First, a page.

My kid’s behavior is the problem! Why do I need therapy?
This is a common question that arises when parents enter the family therapy session. The simple reason is this: You are the tool for changing your child’s behavior. If you are like many parents you are implementing the strategies that your parents used to raise you. Some of those techniques were very effective and others were not so helpful. Most “behavior modification” strategies are missing the mark. We are not training circus animals or pigeons in B.F.Skinner’s laboratory. We are trying to reach the hearts of our children. If you’re like many parents might be frustrated because you have been trying so hard to get your child to move in the right direction. You are afraid they will fail in school, make bad life-altering decisions, choose the wrong friends, end up in jail, or not get into the right college. Operating from this fear perspective will bring stress into your relationship with your kids. They will not respond well to your guidance. When we shift our perspective from a fear based protective stance to a relational one where the goal is to reach the child’s heart we are well on our way towards effective parenting. We want to “teach our children well..” as the old folk song says. We want to help them develop their own internal positive guidance system so they can succeed in navigating the storms of life. Keeping the relationship at the center of our strategies will help us develop healthy successful children.
Now, Let’s look at what is motivating the surface behavior that is so difficult to deal with. All behavior is an action taken to meet a need. All “bad” behavior is also a method for meeting a need. Ask your self, “What is this child trying to communicate with this behavior?”. If we learn to look past the behavior to understand what that need is, then we can help our child get that need met in a healthy constructive way, rather than a destructive non-relational way. Trust-based relationships develop well-behaved children. Employing empathic parenting requires parents to develop skills and insight through the process of therapy. The child’s troubling behavior will cease if the need that motivated that behavior gets met in a healthy way. Implementing a change in our parental behavior will lead our children to victory over dysfunctional behavior.
OK, then “how do I do this” you might ask? Think about a time when you were a child and maybe you stole something. Now I know there is maybe a handful of super well-behaved people out there that never stole anything, ever, in their whole entire life. For you? I’ll have to find a different example. The rest of us stole something as a kid-right? I wonder what need you had that wasn’t being met or what message were you trying to convey when you stole that thing? Was the need for attention, for a sense of personal control, to be accepted by your peers, to fill a void, or to escape feeling something painful. Maybe you stole your mother’s pocket change because you really wanted to have some personal power to buy something for your self without having to ask for it. Maybe you stole earings from the mall because you wanted to impress your friend so you could find acceptance. You might have stolen food from the pantry and hid it in your room because you just did not trust that you would have enough when you felt hungry. You could be one of the kids that stole your parent’s vodka because your test anxiety was off the chart. What need were you trying to meet on your own? Understanding the language of needs will uncover the motivation for behavior.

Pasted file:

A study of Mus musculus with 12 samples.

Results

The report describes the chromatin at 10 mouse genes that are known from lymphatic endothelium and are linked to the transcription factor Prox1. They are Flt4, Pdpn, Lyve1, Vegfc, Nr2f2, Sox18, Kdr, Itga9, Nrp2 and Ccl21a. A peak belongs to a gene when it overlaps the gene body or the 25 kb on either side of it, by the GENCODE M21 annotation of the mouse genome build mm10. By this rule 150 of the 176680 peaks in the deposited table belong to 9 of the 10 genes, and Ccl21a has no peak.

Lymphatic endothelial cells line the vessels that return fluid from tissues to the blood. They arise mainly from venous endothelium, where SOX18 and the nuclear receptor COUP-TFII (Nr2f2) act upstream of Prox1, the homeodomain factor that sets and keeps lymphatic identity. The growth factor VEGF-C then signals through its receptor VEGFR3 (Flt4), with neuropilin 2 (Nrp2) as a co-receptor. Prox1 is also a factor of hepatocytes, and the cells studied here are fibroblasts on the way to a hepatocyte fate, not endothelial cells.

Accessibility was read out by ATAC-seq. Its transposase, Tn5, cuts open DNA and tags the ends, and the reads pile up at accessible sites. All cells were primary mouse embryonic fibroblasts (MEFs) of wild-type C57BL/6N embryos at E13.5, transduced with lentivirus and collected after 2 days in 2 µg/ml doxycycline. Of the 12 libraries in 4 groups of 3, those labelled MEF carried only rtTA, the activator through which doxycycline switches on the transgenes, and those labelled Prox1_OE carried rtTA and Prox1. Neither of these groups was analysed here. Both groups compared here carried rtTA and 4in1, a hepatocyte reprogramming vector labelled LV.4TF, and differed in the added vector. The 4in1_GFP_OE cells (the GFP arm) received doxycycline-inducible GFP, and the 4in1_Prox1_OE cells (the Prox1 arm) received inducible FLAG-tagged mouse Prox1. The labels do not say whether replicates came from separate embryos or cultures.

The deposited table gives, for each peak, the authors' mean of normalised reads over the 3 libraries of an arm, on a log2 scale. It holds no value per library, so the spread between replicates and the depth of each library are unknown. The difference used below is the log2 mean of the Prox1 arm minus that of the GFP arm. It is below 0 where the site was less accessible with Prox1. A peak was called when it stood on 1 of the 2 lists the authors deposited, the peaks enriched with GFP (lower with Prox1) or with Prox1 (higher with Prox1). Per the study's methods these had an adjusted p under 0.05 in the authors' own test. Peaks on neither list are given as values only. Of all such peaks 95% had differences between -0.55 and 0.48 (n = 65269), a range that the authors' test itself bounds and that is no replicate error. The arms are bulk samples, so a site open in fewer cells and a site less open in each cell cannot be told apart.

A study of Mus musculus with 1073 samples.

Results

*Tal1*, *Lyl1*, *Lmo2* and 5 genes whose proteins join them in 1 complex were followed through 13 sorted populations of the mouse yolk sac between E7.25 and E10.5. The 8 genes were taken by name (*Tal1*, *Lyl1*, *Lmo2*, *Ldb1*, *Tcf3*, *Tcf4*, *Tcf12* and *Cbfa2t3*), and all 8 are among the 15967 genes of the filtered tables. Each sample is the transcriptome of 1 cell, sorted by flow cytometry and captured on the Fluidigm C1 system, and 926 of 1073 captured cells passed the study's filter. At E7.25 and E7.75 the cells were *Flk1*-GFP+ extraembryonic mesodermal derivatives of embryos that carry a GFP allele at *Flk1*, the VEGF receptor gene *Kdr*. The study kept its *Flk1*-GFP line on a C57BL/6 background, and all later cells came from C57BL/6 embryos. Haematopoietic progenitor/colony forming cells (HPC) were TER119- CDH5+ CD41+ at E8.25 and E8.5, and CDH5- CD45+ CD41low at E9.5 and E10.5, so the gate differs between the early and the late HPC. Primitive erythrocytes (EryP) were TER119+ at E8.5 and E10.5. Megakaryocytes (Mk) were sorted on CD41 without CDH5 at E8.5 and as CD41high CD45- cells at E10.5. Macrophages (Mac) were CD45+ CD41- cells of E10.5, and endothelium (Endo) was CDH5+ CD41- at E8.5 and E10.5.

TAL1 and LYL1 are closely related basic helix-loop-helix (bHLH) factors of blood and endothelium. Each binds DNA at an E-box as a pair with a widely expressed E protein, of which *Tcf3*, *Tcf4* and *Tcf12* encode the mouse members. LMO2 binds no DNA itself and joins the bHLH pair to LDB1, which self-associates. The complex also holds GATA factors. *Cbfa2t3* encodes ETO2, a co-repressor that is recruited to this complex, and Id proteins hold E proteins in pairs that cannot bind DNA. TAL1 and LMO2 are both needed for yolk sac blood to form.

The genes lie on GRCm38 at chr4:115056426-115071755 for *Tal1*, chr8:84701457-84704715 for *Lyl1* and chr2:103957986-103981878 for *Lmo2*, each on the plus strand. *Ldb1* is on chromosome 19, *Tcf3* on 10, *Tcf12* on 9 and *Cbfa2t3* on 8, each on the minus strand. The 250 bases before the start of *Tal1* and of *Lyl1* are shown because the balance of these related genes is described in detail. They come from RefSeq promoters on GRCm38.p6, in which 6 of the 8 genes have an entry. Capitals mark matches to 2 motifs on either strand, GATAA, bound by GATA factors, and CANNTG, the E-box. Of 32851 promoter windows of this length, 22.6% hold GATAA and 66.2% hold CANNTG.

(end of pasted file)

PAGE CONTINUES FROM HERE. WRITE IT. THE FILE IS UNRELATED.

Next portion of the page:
Helping our children understand that they have needs and feelings and they are important to us will go a long way. If you believe that punishing bad behavior will stop bad behavior- think again. If I am the kid who steals for attention and you punish me then you are training me to meet my need for attention by stealing. Positive or negative- attention is attention. It is important to understand what motivated the behavior in order to empower your child to find healthy constructive ways to meet their needs. Stay off the common road of punishment and reward as a tool for correcting behavior. Gold stars do not motivate good behavior and they don’t develop good community-conscious citizens. Behavior is just that-behavior. I suggest a great book on this subject by Alfie Kohn entitled “Punished by rewards. If we learning to meet our children with empathy along their journey to adulthood will help them cultivate healthy perspectives and become self-controlled mature adults.
Nonviolent communication strategies designed by Marshal Rosenberg will develop a compassionate empathic connection with even the toughest of kids. Kids will not care what you know until they know you really care. You can learn more about this strategy with practice. I work with parents through role-playing and rehearsal to help them change their perspective away from behaviorism toward a more productive way of parenting that will enrich both the parent and the child’s life. The skills learned will impact all interactions in a positive way. You can pick up a copy of Marshal Rosenberg’s book entitled Nonviolent Communication: a language of life… to begin your journey. You can also watch his training videos on youtube. However, the best training takes place within the therapeutic relationship and the role-play rehearsal will provide you with the skills you need.
If you would like to see if we would be a good fit please reach out to me directly via text or call (941)320-5831. You are welcome to use the contact form under services tab for free consultation as well. I am here to help and look forward to working with you.